Transit Makes You More Fit; Should Be Free

We grazed over this article by the Science World Report, most of which focused on adults aged 60 and over not using public transit, and found this ratpag-affirming line:  “those who used public transit were more likely to meet physical activity requirements that promoted overall health and well-being.”  We couldn’t agree more.

The study, conducted by the Brown School in St. Louis, found that those 60 and over were less likely to use public transportation due to “perceptions of speeding traffic and high crime.”  It’s crazy out there – one can’t blame them for having such a world view.



Anyway, there’s a good chance that someone over 60 has a car or two so…they’re probably not going to start taking the bus.  ratpag concedes this one.

But if you’re not going to give up the car, could you at least make it easier for everyone else to not have to drive along with you (particularly those like our grandrat, who seems to think of red lights as nothing more than oddly-colored, unusually-placed daytime street lights.  That’s if our grandrat even saw them)?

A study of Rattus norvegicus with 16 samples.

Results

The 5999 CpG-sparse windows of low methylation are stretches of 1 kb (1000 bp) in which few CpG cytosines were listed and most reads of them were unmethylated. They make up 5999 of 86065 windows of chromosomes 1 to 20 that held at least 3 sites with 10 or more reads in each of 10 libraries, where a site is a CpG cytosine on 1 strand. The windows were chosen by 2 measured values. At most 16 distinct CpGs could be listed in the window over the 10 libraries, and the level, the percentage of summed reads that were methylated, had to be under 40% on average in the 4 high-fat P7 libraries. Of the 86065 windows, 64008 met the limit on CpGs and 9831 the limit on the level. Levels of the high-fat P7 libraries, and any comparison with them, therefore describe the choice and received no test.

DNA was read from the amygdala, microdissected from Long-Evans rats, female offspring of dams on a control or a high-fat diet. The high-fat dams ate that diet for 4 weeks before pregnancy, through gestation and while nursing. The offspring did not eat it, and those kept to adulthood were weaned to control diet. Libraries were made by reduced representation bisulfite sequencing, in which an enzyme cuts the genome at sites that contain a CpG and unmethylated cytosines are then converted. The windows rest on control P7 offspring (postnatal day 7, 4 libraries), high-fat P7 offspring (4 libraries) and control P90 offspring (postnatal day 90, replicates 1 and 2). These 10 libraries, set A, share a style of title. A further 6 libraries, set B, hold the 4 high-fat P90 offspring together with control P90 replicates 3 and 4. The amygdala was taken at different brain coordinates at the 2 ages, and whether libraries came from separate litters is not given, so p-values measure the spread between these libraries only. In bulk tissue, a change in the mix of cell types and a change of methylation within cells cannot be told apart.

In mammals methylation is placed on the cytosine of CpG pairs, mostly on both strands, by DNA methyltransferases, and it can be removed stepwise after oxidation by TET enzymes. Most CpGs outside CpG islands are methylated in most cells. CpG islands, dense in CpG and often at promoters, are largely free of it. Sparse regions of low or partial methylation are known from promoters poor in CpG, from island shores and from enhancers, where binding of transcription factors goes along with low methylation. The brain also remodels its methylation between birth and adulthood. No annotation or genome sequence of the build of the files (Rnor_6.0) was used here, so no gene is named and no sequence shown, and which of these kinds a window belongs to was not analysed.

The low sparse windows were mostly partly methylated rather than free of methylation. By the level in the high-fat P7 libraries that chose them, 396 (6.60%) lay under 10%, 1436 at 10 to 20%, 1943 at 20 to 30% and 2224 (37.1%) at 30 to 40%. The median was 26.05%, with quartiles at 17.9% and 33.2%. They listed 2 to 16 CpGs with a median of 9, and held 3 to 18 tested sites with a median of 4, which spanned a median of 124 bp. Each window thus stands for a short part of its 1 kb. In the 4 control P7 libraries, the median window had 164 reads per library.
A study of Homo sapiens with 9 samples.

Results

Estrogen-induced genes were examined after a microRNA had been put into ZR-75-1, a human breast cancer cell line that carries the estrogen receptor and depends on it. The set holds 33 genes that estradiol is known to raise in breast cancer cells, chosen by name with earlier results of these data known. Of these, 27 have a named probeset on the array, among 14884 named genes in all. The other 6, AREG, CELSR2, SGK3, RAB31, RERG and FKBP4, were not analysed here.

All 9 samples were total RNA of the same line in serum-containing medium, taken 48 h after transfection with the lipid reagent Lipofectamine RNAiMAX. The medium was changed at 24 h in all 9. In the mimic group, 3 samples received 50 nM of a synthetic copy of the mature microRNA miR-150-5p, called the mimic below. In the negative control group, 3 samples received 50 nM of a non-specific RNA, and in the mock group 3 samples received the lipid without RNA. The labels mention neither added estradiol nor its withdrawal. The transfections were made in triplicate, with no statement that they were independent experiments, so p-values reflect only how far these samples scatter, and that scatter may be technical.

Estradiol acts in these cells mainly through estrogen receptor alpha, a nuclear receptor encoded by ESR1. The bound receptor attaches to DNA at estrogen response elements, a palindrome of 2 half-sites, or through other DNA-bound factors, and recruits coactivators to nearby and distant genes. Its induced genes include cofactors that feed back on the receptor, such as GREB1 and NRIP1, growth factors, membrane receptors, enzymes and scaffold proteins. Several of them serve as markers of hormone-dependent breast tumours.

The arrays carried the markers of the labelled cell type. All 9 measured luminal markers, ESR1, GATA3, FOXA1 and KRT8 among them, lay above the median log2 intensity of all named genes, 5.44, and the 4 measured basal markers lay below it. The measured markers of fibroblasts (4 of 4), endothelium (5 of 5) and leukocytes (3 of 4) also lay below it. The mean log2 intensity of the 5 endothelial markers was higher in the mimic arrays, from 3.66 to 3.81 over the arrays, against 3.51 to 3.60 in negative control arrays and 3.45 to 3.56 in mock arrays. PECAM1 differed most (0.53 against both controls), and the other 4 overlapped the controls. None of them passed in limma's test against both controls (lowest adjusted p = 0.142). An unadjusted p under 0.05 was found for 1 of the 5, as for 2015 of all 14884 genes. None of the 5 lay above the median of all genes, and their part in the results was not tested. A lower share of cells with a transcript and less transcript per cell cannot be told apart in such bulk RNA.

A great way to keep the under-60 crowd off the road would be by giving free rides, as suggested in this Salon article.  They first cite the brief free-ride policy that Paris instituted this past spring when excessive pollution hung over the French capital; noting that “traffic dropped by nearly 20 percent” while “large-particle pollution fell by nearly 6 percent.”

Free rides have been in place in some European towns for some time, including Châteauroux, France,  with a population of 49,000, which “eliminated transit fares in 2001 – and ridership increased more than 200 percent during the following decade” and Hasselt, Belgium, which eliminated bus fare in 1997 and saw a 1,200 percent increase in ridership.

What does the article conclude?  That people like free rides!  Greater use of public transit is cleaner, uses less energy, and decreases automobile congestion.  It’s also possible that automobile accidents, injuries, and deaths would decrease, though overall accident rates would likely not change.  So why not give it a try?  We hear so much about how painful it is for everyone to have to pay more at the pump – perpetually-rising transit fares hurt no less.